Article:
Hong Kong International Airport has been reported as one of the world’s most loved airports. The airport has received Skytrax’s “World’s Best Airport Award” 8 times in the last 11 years.
In the now 6 experiences I’ve had at HKIA, I must say it’s the most efficient airport I’ve ever been in–which makes it great for layovers.
During all 6 visits, I’ve consistently been clear of immigration and customs within 15 minutes of exiting the plane. This gives me optimal time for spending my layover. Even a layover as little as 4 hours is perfect for a bit of sightseeing in Hong Kong.
So as soon as your plane touches down, grab your carry on and run down the hallway of moving sidewalks to begin your layover.
Now as far as what to do on your layover, you have a few options. I’ll go into the most detail with option 1, because it’s how I chose to spend my layover.
Option #1: Explore Downtown
Our flight landed a little after 4:30am and by 5am we had collected our bags and were already in a taxi headed downtown. We knew we didn’t have that much time to explore because we had to be back at our gate no later than 9:30am, so that left us only 4 hours.
Let me just say 4 hours was plenty for my first mini-trip in Hong Kong.
After being on a 14-hour flight from L.A., my friend and I were both starving. So #1 on our itinerary was getting some food. We had hoped to get some good dim sum, but unfortunately Hong Kong runs on a schedule a bit different from what we were used to. While most stores and eateries open fairly early in the US, a lot of places in Hong Kong don’t open until 11am.
We resorted to getting a quick meal at McDonalds, where we found a somewhat different menu.
After taking our time to finish breakfast, we walked over to the Tsim Sha Tsui waterfront. Being so early in the morning, we were some of the only people around. I think this is the only time I’ve ever seen an uncrowded Hong Kong. Over at the waterfront we were able to see the well-known clock tower, Mid-Autumn Festival decorations, and of course, the Hong Kong skyline.
There was plenty of time to take pictures and marvel at the skyline. Even at early in the morning the skyline seemed majestic with the sun reflecting off the buildings. 30 minutes and 100 photos of us in front of the skyline later, we were headed to our next destination–to see the skyline from the other side of the harbor.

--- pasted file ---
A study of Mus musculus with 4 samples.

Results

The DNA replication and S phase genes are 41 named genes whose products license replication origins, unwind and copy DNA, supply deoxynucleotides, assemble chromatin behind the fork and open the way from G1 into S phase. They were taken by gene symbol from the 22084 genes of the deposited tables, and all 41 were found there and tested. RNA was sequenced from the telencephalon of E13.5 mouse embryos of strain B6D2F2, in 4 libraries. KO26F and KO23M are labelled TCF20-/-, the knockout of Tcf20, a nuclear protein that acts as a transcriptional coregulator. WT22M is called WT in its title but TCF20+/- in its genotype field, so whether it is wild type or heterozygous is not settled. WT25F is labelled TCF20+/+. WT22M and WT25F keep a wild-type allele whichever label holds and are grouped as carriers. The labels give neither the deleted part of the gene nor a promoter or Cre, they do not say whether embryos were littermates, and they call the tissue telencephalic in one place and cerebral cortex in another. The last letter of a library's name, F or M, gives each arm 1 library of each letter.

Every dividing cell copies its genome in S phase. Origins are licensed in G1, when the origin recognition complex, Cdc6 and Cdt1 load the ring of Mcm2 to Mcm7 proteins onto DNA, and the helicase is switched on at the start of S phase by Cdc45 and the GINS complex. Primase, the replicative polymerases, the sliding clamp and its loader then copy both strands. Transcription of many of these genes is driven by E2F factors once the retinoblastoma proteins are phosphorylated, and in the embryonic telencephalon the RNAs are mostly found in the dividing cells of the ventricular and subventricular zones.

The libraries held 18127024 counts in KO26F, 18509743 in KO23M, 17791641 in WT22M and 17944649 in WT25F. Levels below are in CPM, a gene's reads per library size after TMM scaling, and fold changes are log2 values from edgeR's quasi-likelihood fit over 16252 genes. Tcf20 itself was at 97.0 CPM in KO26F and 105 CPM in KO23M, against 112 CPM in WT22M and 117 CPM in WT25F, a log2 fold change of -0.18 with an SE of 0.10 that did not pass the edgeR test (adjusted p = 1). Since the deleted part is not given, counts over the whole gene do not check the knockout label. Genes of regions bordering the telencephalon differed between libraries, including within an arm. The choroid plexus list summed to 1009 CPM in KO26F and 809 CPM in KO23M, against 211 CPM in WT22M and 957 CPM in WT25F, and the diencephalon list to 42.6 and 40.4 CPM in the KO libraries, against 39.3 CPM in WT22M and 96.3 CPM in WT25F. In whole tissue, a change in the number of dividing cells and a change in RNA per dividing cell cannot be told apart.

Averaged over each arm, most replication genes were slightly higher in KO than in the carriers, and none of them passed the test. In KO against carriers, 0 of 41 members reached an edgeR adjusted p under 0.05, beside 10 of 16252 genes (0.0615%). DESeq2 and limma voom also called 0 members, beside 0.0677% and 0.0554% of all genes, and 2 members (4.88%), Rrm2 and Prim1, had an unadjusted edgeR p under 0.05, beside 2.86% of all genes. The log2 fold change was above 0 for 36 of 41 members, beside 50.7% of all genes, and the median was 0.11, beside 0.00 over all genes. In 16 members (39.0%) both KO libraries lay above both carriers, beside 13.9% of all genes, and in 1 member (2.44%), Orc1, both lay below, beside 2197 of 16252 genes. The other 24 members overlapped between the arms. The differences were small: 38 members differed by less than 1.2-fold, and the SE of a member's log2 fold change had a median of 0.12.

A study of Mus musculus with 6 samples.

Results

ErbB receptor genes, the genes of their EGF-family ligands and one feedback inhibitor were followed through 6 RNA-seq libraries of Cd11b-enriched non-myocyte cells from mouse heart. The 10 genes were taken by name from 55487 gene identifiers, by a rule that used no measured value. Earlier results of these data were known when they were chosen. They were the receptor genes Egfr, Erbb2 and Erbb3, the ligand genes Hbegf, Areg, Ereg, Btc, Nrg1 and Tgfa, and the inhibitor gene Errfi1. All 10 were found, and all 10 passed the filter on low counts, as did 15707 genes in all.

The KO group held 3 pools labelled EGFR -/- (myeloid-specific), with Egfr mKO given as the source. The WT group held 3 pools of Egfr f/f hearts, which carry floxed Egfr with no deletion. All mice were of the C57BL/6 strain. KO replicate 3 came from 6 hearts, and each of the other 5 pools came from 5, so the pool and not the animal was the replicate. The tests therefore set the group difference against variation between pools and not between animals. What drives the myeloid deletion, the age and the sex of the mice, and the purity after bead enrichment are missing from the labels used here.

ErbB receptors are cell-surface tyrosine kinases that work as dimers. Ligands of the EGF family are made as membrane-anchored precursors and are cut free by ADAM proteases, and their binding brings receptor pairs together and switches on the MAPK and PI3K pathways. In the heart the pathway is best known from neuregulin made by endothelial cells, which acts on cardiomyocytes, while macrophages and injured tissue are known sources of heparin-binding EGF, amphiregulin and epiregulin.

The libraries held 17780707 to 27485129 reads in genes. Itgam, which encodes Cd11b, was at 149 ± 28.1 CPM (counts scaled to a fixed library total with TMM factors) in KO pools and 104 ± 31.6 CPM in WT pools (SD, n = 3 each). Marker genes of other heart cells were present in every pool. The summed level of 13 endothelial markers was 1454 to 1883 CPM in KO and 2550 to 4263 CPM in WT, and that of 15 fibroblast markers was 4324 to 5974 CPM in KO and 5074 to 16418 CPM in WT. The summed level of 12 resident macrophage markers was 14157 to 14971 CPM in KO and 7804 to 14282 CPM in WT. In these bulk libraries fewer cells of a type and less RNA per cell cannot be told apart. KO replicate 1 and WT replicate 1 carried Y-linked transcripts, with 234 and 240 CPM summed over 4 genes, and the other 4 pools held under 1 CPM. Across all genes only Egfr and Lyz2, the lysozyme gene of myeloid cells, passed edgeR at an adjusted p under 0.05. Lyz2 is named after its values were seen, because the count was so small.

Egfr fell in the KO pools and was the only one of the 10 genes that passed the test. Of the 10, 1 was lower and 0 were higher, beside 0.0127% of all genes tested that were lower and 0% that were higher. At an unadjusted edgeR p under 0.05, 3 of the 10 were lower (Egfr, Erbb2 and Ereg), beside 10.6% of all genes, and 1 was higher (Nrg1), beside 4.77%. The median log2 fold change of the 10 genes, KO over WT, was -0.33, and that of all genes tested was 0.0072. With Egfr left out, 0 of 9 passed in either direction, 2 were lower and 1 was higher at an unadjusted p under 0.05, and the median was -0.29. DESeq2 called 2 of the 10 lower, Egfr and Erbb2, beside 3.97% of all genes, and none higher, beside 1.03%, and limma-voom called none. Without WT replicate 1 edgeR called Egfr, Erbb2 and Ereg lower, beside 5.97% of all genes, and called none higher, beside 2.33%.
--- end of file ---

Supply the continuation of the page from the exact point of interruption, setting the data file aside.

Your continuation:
The famous Star Ferry had just started running, so we got our tickets and hopped aboard. We were on the first ride across the harbor for the day. The ride was short, but exciting for us.
Once we reached Central Pier, we took time to marvel at the other side of the harbor where we had just come from. This included taking more time to snap away with our cameras. By now the area was starting to get more crowded with people as it got closer to work time. This meant we didn’t have much time left before heading back to the airport–after all, we were connecting to another international flight so we wanted to leave ample time.
We wandered around Central for a little while longer, including famous ifc. Even though everything was still closed, we also got to see Apple’s flagship store that would be opening 2 weeks later.
Downstairs ifc we arrived at Hong Kong Station, where we caught the Airport Express Line. The line boasts that it arrives at the airport within 10 minutes–and that’s no exaggeration.
We finally arrived back at the airport with a bit over an hour to explore, shop and get checked in. It was the perfect way to spend our layover and first time in Hong Kong. And it was just what we needed after our previous layover fiasco at LAX.
Option #2: Visit Big Buddha
Big Buddha, Tian Tan, is the world’s largest seated outdoor bronze Buddha. He sits atop Ngong Ping, located on Lantau Island. You know what else connected to Lantau Island? The airport–how convenient.
This Buddha draws millions of visitors each year and is one of the top tourist attractions in Hong Kong. Big Buddha is just a short distance from the airport and admission is free.
If you hope to visit Tian Tan during your layover you have two options. You can either take a taxi straight to Ngong Ping, or depending on the time of day, you can take a shorter taxi ride to Tung Chung Station, where you can catch the cable car.
Do be aware that getting up close and personal with the Buddha requires quite the climb, something you may or may not want to challenge after a long flight. But after traveling so far already, what’s another 268 steps to the top.
Option #3: See a Movie
Hong Kong International Airport is filled with the world’s cleanest lounges, plenty of restaurants and almost too many shops. Even if you don’t feel like leaving the airport during your layovers, there’s plenty to keep you busy.
If you have enough time and are sick of people watching or reading a book–why not go see a movie? HKIA features a full movie theater showing all the newest films from across the world, including housing 1 of the 3 IMAX screens in Hong Kong. A perfect way to spend a layover for those who are too nervous about missing their connecting flight.
Even once we arrived at the airport from our adventure downtown, we still head plenty of time to pick up some Hong Kong souvenirs!